We had a much loved, and now much missed, temporary house guest recently. Answering to the name of Meg, she liked to go walking whatever the weather, especially when the leaves were blowing. Most of the time Meg displayed human qualities, and indeed thinks that she is – but once a rubber pig or chicken was introduced she became a wild thing, as much a wild thing a Springer Spaniel can be. For those that have never had one, Springers embody a lust for life that maybe we should take note of…
|Meg loves rubber chickens and pigs. And Naomi's hand.|
I know that walking helps the pain in my hips and back, a result of the cancer’s spread to my bones; It doesn’t care where it goes, just as long as it can get somewhere, anywhere. Radiotherapy at different times has helped me regain back mobility – there have been moments when I couldn’t even get out of the car, wincing in pain; A far cry from the man that would walk happily in the Lakes for ten to twelve miles a day.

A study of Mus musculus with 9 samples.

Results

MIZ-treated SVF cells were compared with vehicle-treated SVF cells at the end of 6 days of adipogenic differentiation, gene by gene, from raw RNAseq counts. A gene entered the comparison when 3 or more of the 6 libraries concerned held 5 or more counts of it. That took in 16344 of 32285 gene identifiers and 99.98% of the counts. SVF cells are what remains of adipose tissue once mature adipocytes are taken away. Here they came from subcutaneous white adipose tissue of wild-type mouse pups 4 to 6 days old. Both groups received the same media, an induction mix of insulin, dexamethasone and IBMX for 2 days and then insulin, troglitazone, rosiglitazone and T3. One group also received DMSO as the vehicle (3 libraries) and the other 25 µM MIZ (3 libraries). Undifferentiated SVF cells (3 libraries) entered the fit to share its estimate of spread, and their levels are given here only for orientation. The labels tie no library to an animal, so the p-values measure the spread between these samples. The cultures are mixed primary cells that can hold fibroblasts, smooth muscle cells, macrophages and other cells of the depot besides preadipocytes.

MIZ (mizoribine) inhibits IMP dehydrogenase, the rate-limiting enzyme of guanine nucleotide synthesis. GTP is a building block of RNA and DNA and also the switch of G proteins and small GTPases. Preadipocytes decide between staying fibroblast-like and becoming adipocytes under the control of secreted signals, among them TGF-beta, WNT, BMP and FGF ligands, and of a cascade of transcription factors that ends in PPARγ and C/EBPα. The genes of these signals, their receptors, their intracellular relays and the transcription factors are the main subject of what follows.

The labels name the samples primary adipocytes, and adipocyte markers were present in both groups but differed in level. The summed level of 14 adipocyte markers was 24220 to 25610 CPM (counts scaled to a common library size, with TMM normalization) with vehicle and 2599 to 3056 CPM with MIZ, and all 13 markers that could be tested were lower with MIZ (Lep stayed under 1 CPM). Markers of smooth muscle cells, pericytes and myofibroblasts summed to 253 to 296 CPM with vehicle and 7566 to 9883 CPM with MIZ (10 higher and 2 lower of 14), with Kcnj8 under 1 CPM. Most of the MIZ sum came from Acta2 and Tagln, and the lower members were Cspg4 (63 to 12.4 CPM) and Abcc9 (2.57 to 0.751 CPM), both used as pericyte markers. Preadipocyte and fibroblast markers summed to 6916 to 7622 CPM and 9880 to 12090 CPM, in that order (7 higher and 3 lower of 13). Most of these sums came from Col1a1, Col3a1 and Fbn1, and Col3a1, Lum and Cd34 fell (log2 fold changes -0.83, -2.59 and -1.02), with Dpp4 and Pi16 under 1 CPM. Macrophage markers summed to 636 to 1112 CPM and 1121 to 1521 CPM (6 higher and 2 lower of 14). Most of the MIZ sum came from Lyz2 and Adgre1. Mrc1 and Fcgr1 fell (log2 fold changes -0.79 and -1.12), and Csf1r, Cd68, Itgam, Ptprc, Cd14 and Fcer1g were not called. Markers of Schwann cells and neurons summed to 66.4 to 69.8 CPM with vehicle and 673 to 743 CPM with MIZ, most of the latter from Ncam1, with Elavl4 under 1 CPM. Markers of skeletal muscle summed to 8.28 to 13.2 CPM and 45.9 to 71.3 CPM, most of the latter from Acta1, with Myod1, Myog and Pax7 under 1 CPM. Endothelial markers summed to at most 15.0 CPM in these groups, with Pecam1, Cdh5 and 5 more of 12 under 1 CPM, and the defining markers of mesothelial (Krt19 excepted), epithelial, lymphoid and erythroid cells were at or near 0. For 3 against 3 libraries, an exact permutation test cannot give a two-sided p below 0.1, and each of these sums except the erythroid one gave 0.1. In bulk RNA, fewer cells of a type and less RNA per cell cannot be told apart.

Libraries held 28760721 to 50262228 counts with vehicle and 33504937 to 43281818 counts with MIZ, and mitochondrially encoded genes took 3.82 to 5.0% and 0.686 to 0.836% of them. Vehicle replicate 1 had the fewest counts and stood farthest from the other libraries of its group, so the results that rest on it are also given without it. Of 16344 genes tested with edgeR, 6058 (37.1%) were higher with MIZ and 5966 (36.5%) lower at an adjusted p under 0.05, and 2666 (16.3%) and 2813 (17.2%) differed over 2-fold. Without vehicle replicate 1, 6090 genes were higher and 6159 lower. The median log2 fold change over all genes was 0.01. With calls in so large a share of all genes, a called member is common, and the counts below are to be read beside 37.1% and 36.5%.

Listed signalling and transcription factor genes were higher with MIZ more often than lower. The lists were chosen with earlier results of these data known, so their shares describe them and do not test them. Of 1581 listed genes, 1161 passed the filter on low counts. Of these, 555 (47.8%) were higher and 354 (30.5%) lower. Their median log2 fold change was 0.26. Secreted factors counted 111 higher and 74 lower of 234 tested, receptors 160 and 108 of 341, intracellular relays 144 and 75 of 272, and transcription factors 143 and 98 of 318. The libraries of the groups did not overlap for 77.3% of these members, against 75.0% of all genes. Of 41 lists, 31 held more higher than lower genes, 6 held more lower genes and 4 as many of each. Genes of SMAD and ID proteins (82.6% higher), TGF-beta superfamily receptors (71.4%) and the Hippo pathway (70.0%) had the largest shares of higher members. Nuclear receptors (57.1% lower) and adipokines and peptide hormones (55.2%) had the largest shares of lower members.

I can walk now, which is a blessing, a fact that I thank God and my doctor for. But there are days where I’m just happy to sit on the couch, feeling lethargic, devoid of energy. All symptoms that cancer sufferers are so familiar with, and I count myself lucky that the side effects of Tarceva are ‘relatively’ slight.
But Meg indicated that sitting on the couch just isn’t allowed, that whatever the weather we must get out to enjoy the world, to take part whilst we still can. That even if the weather is cloudy and grey, like my spirit sometimes, that to see the world for all its beauty is to understand that life must be lived. So as we kicked leaves and walked amongst the swaying, dancing trees, looking down on the valleys of Dorset stretching to the sea I felt happiness in my heart. From the hill-tops to the sea, in the clouds, in the sun, we walked – Meg and I.
|Meg, contented after a hard day chasing leaves|
She has now gone home to her owner and I’ve gone back to being inside too much, but I try to remember the joy we both felt from the world out there. For to be in it is to experience the reason we’re here: Not things, objects, or possessions – for the beauty of life, however it may reach out and touch our hearts, is to be rich indeed.